There are thousands of reasons that each of us are where we’re at in the sport of cycling. The indirect paths that most of us traveled to fall in love with the sport, are so complicated, and also interesting, that it makes the odds infinitesimally small, that anyone does the sport at all.
I race for so many reasons it would take a small novel to record. During the Chequamegon 40, I recorded so many new experiences, that I am still going back through them in my mind. And I rode nearly half the race on my own, so I missed out on a ton of the potential memories.
At the start line on Main Street in Hayward, an old friend, Doug Swanson rolled up to the line, pretty late. I was wondering if Doug was going to make it to the race, I hadn’t seen his name in any results this year, but I hadn’t been following them as closely as normal, so I might have missed him.
I asked Doug if he had pre-ridden the course and he said that he just drove up that morning. I thought, wow, a 3 hour drive before Chequamengon makes for a pretty early start to the day. He said that he wasn’t in shape and would be happy to survive the road section to Rosie’s field. He mentioned something about never entering Rosie’s field in worse than 3rd place, but that wasn’t happening this year.
Doug has won Chequamegon a couple times. The first time I met Doug was at Chequamegon, I think it was 2001. He was a friend of Jed Schneider, who I’d driven up with from Topeka. As circumstances would happen, it was Doug, Jed and I riding up the Seeley Fire Tower in the led, with Dewey Dickie dangling most of the last 10 miles. Doug was riding great, but half way up the climb he casually said that he had a flat. That was a drag. I went on and won the race that year, in a sprint with Dewey.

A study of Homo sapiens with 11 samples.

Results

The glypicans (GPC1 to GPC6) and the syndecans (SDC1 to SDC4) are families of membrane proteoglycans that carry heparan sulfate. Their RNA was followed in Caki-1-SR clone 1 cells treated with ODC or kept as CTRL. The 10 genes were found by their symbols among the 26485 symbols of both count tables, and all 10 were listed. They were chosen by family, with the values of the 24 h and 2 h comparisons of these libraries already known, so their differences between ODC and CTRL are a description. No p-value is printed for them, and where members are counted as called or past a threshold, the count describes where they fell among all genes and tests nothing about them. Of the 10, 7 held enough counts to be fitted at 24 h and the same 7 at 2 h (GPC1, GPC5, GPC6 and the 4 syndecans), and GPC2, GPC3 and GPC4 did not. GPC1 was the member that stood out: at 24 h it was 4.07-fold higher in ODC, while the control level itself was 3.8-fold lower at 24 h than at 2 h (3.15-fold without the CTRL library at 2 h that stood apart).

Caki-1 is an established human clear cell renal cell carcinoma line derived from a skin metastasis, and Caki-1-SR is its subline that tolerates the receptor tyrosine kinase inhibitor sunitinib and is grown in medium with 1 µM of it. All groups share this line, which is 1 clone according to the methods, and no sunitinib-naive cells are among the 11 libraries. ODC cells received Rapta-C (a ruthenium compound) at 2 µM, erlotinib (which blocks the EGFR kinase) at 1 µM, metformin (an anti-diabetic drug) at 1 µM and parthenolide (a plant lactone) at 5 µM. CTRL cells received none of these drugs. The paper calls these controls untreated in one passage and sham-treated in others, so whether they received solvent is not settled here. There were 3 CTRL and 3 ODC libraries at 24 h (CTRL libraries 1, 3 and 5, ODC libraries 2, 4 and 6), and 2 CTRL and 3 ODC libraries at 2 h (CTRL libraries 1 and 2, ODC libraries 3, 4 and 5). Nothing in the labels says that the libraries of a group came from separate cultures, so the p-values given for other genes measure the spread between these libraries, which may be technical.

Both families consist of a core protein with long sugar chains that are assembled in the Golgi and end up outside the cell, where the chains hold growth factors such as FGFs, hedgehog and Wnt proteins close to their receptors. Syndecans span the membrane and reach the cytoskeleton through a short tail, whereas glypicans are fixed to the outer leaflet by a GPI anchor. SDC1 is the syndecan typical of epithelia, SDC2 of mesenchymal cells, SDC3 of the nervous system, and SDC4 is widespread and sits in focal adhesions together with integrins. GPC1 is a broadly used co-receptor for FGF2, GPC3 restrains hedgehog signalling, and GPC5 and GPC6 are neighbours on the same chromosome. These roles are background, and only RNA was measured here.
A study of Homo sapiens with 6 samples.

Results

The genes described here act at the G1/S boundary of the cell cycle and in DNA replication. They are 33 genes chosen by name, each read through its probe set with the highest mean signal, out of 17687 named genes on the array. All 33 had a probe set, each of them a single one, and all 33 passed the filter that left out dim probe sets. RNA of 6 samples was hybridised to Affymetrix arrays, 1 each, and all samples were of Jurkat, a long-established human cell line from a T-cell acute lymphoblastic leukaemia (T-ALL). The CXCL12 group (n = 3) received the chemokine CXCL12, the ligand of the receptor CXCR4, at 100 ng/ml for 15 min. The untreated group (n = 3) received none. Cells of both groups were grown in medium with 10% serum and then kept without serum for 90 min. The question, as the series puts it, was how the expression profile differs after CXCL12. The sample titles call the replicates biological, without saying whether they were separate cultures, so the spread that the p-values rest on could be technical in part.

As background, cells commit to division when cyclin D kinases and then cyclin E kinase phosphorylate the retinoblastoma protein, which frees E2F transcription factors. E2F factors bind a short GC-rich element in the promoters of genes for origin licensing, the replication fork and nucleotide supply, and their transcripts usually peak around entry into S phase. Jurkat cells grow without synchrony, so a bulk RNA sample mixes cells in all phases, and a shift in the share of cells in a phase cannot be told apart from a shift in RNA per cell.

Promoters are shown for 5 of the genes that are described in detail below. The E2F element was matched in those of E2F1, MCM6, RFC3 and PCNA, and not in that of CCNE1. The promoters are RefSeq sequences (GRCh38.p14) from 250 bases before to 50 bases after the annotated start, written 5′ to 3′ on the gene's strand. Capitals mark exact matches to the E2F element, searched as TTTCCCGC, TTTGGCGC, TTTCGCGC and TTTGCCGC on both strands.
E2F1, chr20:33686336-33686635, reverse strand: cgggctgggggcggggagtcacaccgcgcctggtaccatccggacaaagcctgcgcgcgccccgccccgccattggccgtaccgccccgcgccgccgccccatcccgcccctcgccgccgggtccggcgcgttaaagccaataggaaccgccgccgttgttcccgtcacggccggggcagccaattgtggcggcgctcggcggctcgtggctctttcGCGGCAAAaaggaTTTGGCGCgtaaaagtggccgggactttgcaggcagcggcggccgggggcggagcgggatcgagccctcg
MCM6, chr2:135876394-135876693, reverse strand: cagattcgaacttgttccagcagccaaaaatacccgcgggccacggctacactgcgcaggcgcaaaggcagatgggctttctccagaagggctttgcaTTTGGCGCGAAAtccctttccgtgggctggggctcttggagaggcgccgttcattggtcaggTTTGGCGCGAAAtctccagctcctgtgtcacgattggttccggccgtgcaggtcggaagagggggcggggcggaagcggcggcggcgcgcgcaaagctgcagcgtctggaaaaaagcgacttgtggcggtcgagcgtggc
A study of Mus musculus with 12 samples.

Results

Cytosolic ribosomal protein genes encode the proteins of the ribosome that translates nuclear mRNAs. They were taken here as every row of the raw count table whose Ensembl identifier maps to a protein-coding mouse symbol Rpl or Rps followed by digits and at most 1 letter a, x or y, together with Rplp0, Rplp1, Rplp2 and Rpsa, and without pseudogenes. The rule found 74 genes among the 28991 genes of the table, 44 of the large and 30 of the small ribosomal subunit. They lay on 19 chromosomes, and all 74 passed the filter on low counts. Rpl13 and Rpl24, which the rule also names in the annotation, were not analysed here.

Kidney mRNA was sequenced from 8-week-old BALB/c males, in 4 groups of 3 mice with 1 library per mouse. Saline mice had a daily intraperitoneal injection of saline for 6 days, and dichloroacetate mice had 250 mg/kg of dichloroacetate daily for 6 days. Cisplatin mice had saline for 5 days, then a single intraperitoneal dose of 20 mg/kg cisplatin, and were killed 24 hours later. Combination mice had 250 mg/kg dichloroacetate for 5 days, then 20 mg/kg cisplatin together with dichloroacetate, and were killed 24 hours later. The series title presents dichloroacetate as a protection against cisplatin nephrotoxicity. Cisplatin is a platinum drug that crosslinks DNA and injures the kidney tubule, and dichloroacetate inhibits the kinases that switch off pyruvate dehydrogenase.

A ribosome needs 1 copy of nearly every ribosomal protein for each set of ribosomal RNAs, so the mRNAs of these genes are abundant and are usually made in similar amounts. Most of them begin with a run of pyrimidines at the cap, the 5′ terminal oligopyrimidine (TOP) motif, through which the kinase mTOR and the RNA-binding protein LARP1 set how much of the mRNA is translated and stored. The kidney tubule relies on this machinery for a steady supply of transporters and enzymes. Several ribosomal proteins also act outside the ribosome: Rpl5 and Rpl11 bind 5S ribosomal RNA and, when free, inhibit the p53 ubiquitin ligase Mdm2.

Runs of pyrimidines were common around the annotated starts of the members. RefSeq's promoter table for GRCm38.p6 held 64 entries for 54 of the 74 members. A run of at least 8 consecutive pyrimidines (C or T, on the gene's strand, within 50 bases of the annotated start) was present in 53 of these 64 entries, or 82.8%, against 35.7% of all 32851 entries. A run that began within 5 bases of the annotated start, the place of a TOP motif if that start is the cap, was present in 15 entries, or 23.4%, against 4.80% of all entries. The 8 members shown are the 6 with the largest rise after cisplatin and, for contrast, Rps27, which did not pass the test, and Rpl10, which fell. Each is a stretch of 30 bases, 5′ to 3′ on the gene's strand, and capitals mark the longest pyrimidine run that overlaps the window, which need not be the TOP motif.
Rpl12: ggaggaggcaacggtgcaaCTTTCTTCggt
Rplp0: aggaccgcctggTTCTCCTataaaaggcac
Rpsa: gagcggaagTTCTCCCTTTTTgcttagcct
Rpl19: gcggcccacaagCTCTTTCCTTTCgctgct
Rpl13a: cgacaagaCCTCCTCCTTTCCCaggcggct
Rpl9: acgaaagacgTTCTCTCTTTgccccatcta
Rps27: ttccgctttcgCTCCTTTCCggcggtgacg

Like I said above, Doug went on to win the race a couple times. He has a love affair with starting hard in the thick grass of Rosie’s Field. One year he did his normal, crazy fast start and didn’t slow down. That was the year that Ned Overend came to play. I was the only one to stay on Doug, for maybe 4 or 5 miles, but I eventually blew. By the time we got to OO, a little less than half way through the race, I was hearing crazy times. 2 minutes, 3 minutes, then 4 minutes. I didn’t like the sound of any of them. But, they were all wrong. I think Doug beat us by close to 10 minutes that day. Ned was astonished that some local guy he hadn’t heard of before, schooled us like that.
He outsprinted me once too, so his isn’t a one trick pony. He has the course down as well as anyone in the race, other than maybe me.
Doug has a family now and obviously doesn’t get to spend enough time on his bike as he would like to. But, he did get into this car at some insanely early hour, to drive up to Cable to race on Saturday.
The start towards Rosie’s was kind of tricky this year because it was pretty much straight headwind. The front of the field was meandering back and forth across the road, with the Eppens, on their tandem, doing the majority of the work. But, it was difficult to hold your place at the front because everyone was hesitant to pull into the wind.
There is a small rise on 77, 200 meters before you do the sharp left turn onto the grass of the field. This is pretty much an all out sprint here. And sort of mass confusion. Mike Anderson had entered the field a couple hundred meters ahead of us, separating himself when the quads pulled away. The Eppens were leading and I was hovering around 10th. Everyone swung wide for the corner, but I cut in short.
Right before entering the grass, Doug comes flying by on my inside and hits the grass in 3rd place. He looks over his shoulder and does a little mock victory salute. But, I can see on his face, he had already finished his race and he was more than good with it.
I thought about this while riding the last hour. I was firing on only 3 cylinders, so I needed to get my mind off of the extreme pain I was experiencing. I was thinking how great it was that Doug drove over, just to get the flavor of the race. He knows he has the ability to compete at the front, but just not this year. So, like thousands of other people that did the race, he decided to accomplish a small goal, one that would seem silly to most. But, it didn’t seem silly to me at all. It is what defines his drive and one of the reasons he has crossed the finish line at Telemark with his arms in the air.